Mandel Ngan, Getty Images
President Bush walks past an honor guard Tuesday after his arrival in Seoul. South Korea was the first stop on the president's three-nation visit to Asia.

SEOUL, South Korea — President Bush said Wednesday that North Korea has much to do before the U.S. can remove it from the terror blacklist, but he raised hope that its pariah status as a member of the "axis of evil" could someday be a thing of the past.

Pyongyang expects Bush to remove it from the U.S. list of terror-sponsoring countries as soon as next weekend, as promised when the North blew up its nuclear reactor cooling tower in June. Bush, speaking at a news conference with South Korean President Lee Myung-bak, said North Korea must first agree to international terms for verifying its dismantlement efforts.

"I don't know whether or not they're going to give up their weapons," Bush said. "I really don't know. I don't think either of us knows."

Lee called North Korea "a very difficult opponent."

But, he added, "I will be patient and I will be consistent. I have faith we will be able to move to the verification process, then to the next step."

Bush once branded North Korea as part of an "axis of evil," along with prewar Iraq and Iran, and spoke derisively of North Korean leader Kim Jong Il. The president said it is still "to be determined" whether Pyongyang can come off, and ticked off some of what is left to do.

The North, which exploded a nuclear device in 2006, is believed by experts to have produced enough weapons-grade plutonium to make as many as 10 nuclear bombs, and the U.S. has accused Pyongyang of running a second weapons program based on uranium. Actual destruction of weapons — the ultimate goal of six-party talks with North Korea — is months away at the least.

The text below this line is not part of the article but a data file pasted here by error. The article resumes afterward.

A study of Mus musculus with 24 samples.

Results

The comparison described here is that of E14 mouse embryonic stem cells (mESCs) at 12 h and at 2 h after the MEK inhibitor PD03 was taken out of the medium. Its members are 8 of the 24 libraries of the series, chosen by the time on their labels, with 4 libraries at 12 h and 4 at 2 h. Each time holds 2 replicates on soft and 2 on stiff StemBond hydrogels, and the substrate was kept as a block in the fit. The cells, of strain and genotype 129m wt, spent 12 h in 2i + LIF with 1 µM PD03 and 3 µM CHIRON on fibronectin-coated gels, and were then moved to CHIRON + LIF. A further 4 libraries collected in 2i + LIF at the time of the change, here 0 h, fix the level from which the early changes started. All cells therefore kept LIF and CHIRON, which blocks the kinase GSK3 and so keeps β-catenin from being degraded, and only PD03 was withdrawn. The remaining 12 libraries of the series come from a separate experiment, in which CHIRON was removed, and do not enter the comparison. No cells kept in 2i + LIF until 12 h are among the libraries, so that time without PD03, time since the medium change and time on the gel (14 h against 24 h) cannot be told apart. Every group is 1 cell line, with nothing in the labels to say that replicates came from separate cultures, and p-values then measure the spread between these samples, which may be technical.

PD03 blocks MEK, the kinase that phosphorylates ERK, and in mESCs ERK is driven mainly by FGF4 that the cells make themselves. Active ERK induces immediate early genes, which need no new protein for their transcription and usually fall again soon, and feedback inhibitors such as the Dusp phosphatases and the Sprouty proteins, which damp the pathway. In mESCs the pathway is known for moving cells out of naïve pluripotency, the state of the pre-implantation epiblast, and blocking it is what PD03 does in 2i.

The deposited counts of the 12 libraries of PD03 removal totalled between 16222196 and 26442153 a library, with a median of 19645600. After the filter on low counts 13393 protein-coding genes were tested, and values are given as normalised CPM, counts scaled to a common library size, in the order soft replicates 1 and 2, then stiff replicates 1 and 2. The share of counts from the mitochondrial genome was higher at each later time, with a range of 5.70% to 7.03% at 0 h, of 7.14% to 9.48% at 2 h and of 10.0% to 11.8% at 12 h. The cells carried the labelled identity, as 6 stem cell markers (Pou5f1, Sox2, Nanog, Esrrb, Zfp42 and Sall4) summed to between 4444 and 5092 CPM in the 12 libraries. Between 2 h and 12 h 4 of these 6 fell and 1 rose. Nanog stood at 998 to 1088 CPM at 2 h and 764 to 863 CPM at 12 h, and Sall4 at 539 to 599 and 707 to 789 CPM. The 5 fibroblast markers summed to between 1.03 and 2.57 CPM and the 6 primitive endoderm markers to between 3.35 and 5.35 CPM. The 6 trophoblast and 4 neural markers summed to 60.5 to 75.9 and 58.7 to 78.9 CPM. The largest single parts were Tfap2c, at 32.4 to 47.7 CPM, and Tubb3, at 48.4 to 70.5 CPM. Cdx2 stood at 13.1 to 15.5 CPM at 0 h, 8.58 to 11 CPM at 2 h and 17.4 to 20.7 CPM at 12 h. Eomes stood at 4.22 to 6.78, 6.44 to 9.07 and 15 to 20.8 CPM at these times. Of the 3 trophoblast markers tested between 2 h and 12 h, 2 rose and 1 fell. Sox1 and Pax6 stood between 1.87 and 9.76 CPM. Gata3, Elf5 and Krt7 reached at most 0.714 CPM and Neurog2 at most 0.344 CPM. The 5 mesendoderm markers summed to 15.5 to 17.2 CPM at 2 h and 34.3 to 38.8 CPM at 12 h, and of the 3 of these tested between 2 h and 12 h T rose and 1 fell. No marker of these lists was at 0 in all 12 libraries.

"The human rights abuses inside the country still exist and persist. The North Korea leader has yet to fully verify the extent to which he has had a highly enriched uranium program. There's still more steps to be done on the plutonium program," Bush said. "In order to get off the list, the axis of evil list, the North Korean leader is going to have to make certain decisions."

Still, he said he hoped to see all that come to pass.

"My hope is that the axis of evil list no longer exists. That's my hope for the sake of peace. That's my hope for the sake of our children," Bush said.

Earlier in the day, President Bush brushed off raucous demonstrators in South Korea as he opened his three-nation visit to Asia, saying it's a sign of citizens living in a country where they are free to speak their minds.

The dueling demonstrations by flag-waving supporters and rowdy protesters doused by police water cannons reflected sharp political divisions in the U.S.-South Korean relationship, which has endured volatile moments this year, but is still reliable and vital for both sides.